WASHINGTON (CN) — In the most consequential abortion case to come across the high court’s docket in decades, Chief Justice John Roberts stood alone Wednesday as he tried to convince his colleagues to chip away at the constitutional right to abortion without burning the whole thing to the ground.
The conservative Bush appointee has been often voted with his liberal colleagues and is known to want to preserve the legitimacy of the court as an impartial judicial institutional and not a bench of partisan jurists. While some of his conservative colleagues seemed eager to overturn the almost 50 year precedent of Roe v. Wade, Roberts repeatedly tried to convince them to take a softer approach.
The heart of Roberts’ arguments hung on the idea that the viability line of a fetus — its ability to survive outside the womb — was arbitrary and could be replaced.
“Viability, it seems to me, doesn't have anything to do with choice,” Roberts said.
The court held that women had the right to abortion with the 1973 decision in Roe, but states could limit that right after the second trimester. It would later reaffirm the right to abortion in the 1992 case Planned Parenthood v. Casey while changing the states’ right to intervene at the viability of the fetus instead of according to trimesters. The viability line currently stands around 23 or 24 weeks.
Roberts on Wednesday drew from the writings of Justice Harry Blackmun — who wrote the opinion in Roe — to say the precedent’s author didn’t even believe the viability line was central to the right.
“In fact, if I remember correctly, and I — it's an unfortunate source, but it's there — in his papers, Justice Blackmun said that the viability line was — actually was dicta,” Roberts said. “And, presumably, he had some insight on the question.”
Roberts’ line of questioning reflects a theme the country has seen before from the chief justice.
“The comments of the chief justice reflect the concern that the Supreme Court should help hold the country together rather than tear it apart,” Richard Bernstein, an appellate lawyer, said in a phone call.
While defending Mississippi’s Gestational Age Act — which bans all abortions after 15 weeks — Mississippi Solicitor General Scott Stewart asked the court to overrule Roe and Casey but he also attacked the viability line.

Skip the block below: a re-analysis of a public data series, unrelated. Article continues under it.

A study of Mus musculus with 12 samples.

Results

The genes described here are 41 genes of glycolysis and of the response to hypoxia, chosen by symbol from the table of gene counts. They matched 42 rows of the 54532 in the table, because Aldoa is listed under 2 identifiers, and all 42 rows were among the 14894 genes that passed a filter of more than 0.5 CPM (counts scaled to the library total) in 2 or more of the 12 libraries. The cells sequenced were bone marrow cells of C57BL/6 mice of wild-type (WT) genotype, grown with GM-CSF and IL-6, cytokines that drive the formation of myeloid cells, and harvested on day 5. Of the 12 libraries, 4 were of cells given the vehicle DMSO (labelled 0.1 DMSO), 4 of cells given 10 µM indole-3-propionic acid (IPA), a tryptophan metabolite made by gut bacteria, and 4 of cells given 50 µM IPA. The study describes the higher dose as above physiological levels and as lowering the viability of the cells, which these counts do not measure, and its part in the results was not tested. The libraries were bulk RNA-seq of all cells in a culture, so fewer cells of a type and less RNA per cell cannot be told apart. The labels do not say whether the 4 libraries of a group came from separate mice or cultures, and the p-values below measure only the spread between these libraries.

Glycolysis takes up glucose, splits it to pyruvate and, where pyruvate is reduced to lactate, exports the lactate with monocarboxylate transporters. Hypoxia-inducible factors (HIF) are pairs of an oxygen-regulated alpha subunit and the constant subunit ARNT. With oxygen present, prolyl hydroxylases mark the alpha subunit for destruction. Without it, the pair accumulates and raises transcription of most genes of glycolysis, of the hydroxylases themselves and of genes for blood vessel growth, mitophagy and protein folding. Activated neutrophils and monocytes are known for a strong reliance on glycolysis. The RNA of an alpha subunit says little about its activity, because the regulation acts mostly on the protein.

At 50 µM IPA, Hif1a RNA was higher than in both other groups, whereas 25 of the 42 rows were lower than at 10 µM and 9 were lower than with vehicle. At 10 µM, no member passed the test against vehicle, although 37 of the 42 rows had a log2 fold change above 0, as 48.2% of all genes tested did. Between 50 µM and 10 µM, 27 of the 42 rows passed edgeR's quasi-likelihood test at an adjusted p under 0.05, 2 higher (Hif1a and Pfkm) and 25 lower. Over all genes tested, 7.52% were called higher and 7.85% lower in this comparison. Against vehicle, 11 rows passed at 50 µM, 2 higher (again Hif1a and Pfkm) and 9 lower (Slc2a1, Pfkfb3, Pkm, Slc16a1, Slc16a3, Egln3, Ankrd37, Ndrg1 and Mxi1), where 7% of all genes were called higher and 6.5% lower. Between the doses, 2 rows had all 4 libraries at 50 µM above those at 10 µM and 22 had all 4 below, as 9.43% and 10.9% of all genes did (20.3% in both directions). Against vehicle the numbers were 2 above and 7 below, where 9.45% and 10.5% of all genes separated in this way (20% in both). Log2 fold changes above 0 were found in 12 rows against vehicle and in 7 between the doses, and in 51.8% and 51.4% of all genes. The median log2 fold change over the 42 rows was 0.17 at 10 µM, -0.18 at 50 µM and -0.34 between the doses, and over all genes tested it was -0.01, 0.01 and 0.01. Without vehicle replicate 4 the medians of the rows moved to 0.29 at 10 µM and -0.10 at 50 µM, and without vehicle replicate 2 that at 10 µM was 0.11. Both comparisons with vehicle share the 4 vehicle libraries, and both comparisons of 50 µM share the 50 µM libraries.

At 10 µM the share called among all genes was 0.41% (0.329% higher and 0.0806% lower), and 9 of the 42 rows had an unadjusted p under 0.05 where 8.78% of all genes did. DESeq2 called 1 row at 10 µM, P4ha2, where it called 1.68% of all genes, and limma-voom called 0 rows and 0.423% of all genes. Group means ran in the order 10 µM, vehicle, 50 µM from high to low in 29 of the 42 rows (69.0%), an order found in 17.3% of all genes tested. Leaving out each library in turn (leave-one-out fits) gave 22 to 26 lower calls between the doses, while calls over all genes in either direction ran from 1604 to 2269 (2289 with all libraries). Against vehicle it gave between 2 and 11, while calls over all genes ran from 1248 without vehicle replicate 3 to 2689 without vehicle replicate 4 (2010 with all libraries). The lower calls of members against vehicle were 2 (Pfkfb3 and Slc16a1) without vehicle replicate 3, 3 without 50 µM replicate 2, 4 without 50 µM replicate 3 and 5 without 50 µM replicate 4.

“Roberts was alone in examining a narrower argument that Mississippi has made — there have been two arguments, one that the court should overrule Roe and Casey entirely, and two, the court should overrule what the court has called kind of a core part of Roe that before viability, that states can't ban abortions,” said David Gans, director of the human rights, civil rights, and citizenship program at the Constitutional Accountability Center.
Besides quoting Blackmun, Roberts also picked at the idea that, if the viability line is an arbitrary standard, then why couldn’t the court just draw the line somewhere else.
“If it really is an issue about choice, why is 15 weeks not enough time,” Roberts asked.
In this way, Roberts floats getting rid of the viability line without having to overturn Roe. One of the possibilities for a ruling in this case — which will not likely be seen until June or July — would be nixing the viability line and replacing it with something else.
“I think one of the difficulties of Roberts’ approach is the question of what would replace the viability line,” Gans said. “Mississippi couldn't offer something that would take the place of viability. That leaves the law at sea. If the line isn't viability, and it's not 15 weeks — because that's where Mississippi’s ban is — is it 10 weeks, is it six weeks? It would be anathema to principled judicial decision making to throw out 50 years of precedent based on viability without saying what the line is.”